As South Carolina prepares procedures for carrying out executions via firing squad, an investigation by Columbia’s daily newspaper, The State, reports that important information about the execution process and the sources of materials to be used in executions is being hidden from the public.

The state legislature passed a bill in May 2021 making the firing squad and electric chair the two means of execution in the state. However, the state has denied journalists’ requests for information about its execution preparations and is requiring employees involved in executions to sign confidentiality agreements. Taylor Smith, a lawyer representing the South Carolina Press Association and its member newspapers, said, “When the government tells you, ‘You don’t need to know this information,’ bad things are usually hiding behind that curtain.”

South Carolina has not released their protocols for carrying out executions by any method, including electrocution, even though the state has executed more than 200 people with the electric chair and it is now the default method of execution. When pressed by journalists, state officials released redacted documents showing how much had been spent on preparations for executions by firing squad, including the purchase of rifles, ammunition, ballistic glass, armored plates, construction materials and other items. However, the state withheld all information related to the source of the items.

The South Carolina Department of Corrections (SCDOC) defended its secrecy policies, asserting that documents related to the execution process are “security plans or devices” exempt from disclosure under state law. Frank Knaack, the former executive director of the South Carolina chapter of the American Civil Liberties Union, told The State that: “Since any upcoming executions will be done on behalf of the state’s residents, the people have an absolute right to know every detail about what’s happening in their name, so that we can make informed public policy decisions going forward.”

Execution secrecy has long been a contentious issue, with prison officials arguing it is necessary for security, while media groups and defense attorneys argue it violates principles of open government. “The global community is increasingly considering execution secrecy a human rights violation,” said DPIC executive director Robert Dunham. The issue gained particular salience in South Carolina after a November 2021 report by Chiara Eisner for The State documented how members of the execution team had been affected by their involvement in executions. Former corrections officials told Eisner of the toll of killing prisoners, saying that their involvement in executions caused lasting mental and physical health problems, difficulty sleeping, personality changes, and thoughts of suicide. They described an institutional culture that made it difficult to share their experiences or seek help. The State’s investigation also confirmed that a former South Carolina executioner had died by suicide. Their experiences emphasized the importance of adequate training and counseling for executioners. Without transparent policies, the public has no way of knowing if such protocols are in place.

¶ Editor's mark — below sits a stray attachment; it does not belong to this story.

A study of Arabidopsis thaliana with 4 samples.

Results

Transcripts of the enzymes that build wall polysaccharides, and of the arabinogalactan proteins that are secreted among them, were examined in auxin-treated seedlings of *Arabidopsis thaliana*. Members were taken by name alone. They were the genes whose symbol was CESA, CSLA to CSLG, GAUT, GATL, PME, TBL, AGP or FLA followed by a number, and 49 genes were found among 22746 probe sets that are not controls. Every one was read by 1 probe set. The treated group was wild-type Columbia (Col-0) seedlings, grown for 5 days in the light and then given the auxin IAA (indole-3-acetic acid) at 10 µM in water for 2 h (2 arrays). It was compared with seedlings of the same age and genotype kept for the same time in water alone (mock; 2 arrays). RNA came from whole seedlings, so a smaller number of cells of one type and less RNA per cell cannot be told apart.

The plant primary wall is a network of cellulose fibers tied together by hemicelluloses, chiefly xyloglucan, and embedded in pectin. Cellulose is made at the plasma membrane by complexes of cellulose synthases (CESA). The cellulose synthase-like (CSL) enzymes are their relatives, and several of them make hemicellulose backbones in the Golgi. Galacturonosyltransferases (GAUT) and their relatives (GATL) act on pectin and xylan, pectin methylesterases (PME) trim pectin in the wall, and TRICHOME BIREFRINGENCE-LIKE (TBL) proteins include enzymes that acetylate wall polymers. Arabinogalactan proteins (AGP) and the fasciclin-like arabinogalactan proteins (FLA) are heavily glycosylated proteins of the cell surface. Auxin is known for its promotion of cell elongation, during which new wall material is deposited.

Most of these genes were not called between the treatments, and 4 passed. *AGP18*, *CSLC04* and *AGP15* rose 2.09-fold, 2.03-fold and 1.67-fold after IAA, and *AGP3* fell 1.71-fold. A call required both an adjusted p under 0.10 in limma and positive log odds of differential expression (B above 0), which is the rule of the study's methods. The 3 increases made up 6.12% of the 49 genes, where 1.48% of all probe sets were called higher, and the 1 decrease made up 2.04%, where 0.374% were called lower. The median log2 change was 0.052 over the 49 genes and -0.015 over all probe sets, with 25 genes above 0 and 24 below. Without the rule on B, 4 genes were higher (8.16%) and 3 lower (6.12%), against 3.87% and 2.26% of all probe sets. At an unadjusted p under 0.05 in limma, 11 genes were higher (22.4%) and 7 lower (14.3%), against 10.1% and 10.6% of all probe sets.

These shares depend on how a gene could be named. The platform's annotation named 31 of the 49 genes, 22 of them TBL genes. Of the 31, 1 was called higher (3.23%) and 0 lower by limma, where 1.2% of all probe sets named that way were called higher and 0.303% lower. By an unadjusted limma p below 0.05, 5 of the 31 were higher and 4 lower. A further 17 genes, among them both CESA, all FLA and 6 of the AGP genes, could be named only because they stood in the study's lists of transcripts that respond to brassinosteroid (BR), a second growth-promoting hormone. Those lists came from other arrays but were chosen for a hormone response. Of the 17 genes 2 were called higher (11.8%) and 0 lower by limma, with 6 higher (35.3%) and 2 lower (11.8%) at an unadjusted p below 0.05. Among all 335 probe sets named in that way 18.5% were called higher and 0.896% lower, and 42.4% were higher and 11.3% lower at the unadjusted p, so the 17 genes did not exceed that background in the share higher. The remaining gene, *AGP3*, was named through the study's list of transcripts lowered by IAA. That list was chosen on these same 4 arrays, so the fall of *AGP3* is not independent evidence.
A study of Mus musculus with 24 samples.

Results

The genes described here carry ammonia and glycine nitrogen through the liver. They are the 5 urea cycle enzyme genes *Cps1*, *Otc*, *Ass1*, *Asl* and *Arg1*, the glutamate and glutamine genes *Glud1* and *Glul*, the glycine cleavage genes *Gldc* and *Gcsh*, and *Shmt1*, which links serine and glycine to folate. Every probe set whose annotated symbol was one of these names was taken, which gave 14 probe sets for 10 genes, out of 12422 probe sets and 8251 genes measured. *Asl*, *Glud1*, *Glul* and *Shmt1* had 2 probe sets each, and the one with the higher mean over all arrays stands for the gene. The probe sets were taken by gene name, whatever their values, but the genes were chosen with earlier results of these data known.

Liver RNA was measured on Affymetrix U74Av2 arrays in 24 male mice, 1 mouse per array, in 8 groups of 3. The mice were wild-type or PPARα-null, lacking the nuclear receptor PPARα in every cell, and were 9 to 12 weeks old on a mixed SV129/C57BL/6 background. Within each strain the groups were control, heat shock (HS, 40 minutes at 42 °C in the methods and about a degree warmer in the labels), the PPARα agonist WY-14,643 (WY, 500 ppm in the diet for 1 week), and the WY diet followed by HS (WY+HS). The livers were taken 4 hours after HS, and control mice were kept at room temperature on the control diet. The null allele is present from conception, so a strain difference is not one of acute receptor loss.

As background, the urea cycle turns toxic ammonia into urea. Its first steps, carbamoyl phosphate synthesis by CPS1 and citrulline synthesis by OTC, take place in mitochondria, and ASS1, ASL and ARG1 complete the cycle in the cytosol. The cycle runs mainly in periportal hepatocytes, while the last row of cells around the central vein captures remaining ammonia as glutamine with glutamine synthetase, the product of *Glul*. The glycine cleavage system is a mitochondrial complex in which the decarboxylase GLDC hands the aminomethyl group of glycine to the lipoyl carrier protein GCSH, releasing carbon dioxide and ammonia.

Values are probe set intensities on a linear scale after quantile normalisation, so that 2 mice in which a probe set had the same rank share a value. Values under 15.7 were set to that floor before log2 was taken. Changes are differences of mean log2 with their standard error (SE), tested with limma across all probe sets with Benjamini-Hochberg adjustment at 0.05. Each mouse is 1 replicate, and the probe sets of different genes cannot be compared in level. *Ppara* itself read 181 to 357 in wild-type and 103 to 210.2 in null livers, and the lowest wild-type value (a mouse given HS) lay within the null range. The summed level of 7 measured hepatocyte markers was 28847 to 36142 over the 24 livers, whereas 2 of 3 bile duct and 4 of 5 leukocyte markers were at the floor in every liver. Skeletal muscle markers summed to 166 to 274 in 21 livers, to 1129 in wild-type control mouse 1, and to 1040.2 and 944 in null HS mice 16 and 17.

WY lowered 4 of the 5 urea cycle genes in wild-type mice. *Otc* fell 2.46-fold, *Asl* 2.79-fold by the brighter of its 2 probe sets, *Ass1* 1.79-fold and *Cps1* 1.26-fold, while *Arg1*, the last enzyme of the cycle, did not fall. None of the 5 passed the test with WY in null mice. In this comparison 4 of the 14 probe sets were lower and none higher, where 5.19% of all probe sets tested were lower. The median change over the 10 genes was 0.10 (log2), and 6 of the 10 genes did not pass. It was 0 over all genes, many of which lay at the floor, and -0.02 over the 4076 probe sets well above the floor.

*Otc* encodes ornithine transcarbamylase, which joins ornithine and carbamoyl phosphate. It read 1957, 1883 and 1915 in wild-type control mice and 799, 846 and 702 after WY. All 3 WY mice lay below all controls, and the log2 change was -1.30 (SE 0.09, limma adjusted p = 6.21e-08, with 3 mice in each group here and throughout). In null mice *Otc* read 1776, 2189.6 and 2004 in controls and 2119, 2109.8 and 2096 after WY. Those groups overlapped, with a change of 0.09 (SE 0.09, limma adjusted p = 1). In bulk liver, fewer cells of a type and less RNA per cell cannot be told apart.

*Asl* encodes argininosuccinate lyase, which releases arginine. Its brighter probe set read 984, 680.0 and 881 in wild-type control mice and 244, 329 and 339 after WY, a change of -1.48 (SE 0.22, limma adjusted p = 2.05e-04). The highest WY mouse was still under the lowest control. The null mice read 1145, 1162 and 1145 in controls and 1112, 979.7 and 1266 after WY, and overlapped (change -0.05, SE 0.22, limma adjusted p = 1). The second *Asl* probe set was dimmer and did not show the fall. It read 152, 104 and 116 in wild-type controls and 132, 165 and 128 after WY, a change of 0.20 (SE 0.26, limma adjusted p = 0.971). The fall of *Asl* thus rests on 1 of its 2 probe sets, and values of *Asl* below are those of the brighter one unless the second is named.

The state is now forcing SCDOC employees that are involved with the execution process to sign confidentiality agreements. According to John Blume —a veteran capital defense lawyer who has represented South Carolina death-row prisoners for more than 30 years and directs the Death Penalty Project at Cornell University — the state has never required execution personnel to sign confidentiality agreements before. Jay Bender, a lawyer for the South Carolina Press Association, said he does not believe that “anything in state law authorizes the department to impose this requirement on employees.” Dr. Rita Nakashima Brock, a coordinator of peer support programs for veterans through Volunteers for America, told The State that confidentiality agreements like this make it more difficult for execution staff who need mental health support to reach out for those services.

South Carolina law affords death-row prisoners the right to select between statutorily authorized methods of execution. However, since SCDOC says it does not have access to lethal injection drugs, it must offer condemned prisoners the alternative of being executed by electric chair or firing squad. In June 2021, the South Carolina Supreme Court halted the executions of Brad Sigmon and Freddie Owens because SCDOC unilaterally sought to execute them by electric chair. SCDOC asserted that execution by electric chair was appropriate because “lethal injection is unavailable due to circumstances outside of the control of the Department of Corrections, and firing squad is currently unavailable due to the Department of Corrections having yet to complete its development and implementation of necessary protocols and policies.” The court, citing the prisoners’ statutory right to elect the manner of their execution, vacated the death warrants and directed the clerk of court “not to issue another execution notice until the State notifies the Court that the Department of Corrections, in addition to maintaining the availability of electrocution, has developed and implemented appropriate protocols and policies to carry out executions by firing squad.”

An SCDOC spokesperson said the agency is still working to finalize procedures for conducting executions by firing squad.